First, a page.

The Air Force has fired the commander of a special operations squadron a week after a CV-22 Osprey tilt-rotor aircraft in his unit crashed in Florida, NBC News confirmed on Thursday.

Lt. Col. Matt Glover, who commanded the 8th Special Operations Squadron based at Hurlburt Field in Florida, was relieved from his duties because of a loss of confidence, a military official told NBC News.


The Osprey, designed to take off and land like a helicopter and fly like a twin turboprop airplane, crashed on a training mission north of Navarre, Fla., on June 13 in a 750-square mile military training area called the Elgin Range. Five crew members were hospitalized with injuries.

On Wednesday, two of the airmen injured in the crash remained in the hospital with non-life threatening injuries, the Air Force reported. Officials are investigating.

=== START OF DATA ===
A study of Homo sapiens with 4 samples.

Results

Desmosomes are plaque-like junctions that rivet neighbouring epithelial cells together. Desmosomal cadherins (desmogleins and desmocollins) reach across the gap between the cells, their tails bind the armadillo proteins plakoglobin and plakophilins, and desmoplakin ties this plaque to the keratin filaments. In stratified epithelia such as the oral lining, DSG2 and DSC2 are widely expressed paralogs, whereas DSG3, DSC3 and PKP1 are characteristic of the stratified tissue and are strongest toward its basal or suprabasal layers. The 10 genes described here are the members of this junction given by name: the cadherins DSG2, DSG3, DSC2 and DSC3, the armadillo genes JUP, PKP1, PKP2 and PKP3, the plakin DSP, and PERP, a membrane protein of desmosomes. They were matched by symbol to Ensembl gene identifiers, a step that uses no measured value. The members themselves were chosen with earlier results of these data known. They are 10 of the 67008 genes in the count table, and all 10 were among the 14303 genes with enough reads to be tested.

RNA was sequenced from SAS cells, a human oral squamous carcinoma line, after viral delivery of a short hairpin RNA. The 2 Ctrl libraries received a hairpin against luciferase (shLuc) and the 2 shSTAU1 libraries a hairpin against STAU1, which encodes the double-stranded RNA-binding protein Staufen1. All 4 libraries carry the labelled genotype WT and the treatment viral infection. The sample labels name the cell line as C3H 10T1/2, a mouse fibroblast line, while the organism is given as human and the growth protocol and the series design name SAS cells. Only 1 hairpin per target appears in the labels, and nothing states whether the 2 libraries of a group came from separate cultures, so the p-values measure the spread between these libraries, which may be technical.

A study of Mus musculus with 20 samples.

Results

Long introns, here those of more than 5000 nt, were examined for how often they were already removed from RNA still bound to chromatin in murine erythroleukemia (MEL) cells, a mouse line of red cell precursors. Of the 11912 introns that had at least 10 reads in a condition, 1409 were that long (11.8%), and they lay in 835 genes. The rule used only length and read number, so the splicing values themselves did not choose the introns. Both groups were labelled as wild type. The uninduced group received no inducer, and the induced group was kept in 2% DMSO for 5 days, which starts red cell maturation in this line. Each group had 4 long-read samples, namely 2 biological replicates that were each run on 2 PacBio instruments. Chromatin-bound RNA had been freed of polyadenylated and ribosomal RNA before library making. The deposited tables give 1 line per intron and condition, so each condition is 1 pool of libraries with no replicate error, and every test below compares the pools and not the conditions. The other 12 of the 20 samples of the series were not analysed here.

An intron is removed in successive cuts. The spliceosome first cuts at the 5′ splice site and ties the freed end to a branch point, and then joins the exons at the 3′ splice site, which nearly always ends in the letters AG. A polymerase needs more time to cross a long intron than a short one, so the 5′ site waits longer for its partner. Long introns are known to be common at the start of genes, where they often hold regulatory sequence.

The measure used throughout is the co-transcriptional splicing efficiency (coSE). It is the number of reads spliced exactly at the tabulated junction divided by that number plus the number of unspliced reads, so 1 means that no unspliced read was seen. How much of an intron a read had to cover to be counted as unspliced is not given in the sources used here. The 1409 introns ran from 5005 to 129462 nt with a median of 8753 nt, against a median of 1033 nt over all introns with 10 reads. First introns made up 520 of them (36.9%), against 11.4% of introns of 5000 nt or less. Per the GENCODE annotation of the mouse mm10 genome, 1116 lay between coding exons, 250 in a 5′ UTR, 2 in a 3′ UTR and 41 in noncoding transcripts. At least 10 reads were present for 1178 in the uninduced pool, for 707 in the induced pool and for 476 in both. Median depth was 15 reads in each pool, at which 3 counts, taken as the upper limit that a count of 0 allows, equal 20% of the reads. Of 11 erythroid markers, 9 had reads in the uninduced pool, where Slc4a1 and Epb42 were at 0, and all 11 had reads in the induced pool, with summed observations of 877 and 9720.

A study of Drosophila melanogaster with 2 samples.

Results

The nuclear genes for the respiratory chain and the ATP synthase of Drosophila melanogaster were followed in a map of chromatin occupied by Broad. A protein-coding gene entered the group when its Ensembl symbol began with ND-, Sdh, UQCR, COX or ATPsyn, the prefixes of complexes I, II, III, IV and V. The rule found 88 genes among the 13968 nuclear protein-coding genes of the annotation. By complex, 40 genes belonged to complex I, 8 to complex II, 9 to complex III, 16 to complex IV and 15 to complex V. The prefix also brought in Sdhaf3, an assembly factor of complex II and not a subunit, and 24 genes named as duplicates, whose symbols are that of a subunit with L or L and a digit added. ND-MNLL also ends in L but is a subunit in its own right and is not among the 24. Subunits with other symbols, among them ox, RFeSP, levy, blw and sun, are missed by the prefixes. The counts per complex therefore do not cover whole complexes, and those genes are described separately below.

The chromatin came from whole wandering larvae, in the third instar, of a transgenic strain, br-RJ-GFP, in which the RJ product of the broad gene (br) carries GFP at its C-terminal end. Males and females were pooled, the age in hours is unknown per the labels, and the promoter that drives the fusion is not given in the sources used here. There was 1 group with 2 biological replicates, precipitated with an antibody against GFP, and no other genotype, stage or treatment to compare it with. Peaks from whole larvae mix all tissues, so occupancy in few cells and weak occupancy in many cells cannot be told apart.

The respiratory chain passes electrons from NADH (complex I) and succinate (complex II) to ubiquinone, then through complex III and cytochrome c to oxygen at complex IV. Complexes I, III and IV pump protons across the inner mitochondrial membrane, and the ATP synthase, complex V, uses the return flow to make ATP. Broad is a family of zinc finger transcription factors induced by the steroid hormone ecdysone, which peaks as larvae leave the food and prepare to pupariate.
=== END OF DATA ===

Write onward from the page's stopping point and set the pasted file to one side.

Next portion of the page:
This crash, along with a fatal MV-22 crash in Morocco in April, have raised new safety concerns among Japanese leaders and citizens ahead of an expected deployment of MV-22 Ospreys to Japan, NBC News reported. The MV-22 is the Marine Corps' version of the same aircraft.

Two Marines were killed in that crash and two more were more seriously wounded. The investigation determined that the crash was not a result of mechanical failure.

In an attempt to assuage safety concerns, several senior U.S. military officials at the Pentagon on Friday will brief a Japanese delegation on the preliminary results of the investigation into the June crash, NBC News reported.

The CV-22 Osprey’s mission is to conduct long-range infiltration, extraction and resupply missions for special operations forces, according to the U.S. Air Force web site.

The Air Force version is filled with sophisticated technology, including a missile defense system, terrain-following radar, a forward-looking infrared sensor and other electronic gear that enable it to avoid detection and defend itself on special operations missions over enemy territory, the Associated Press reported.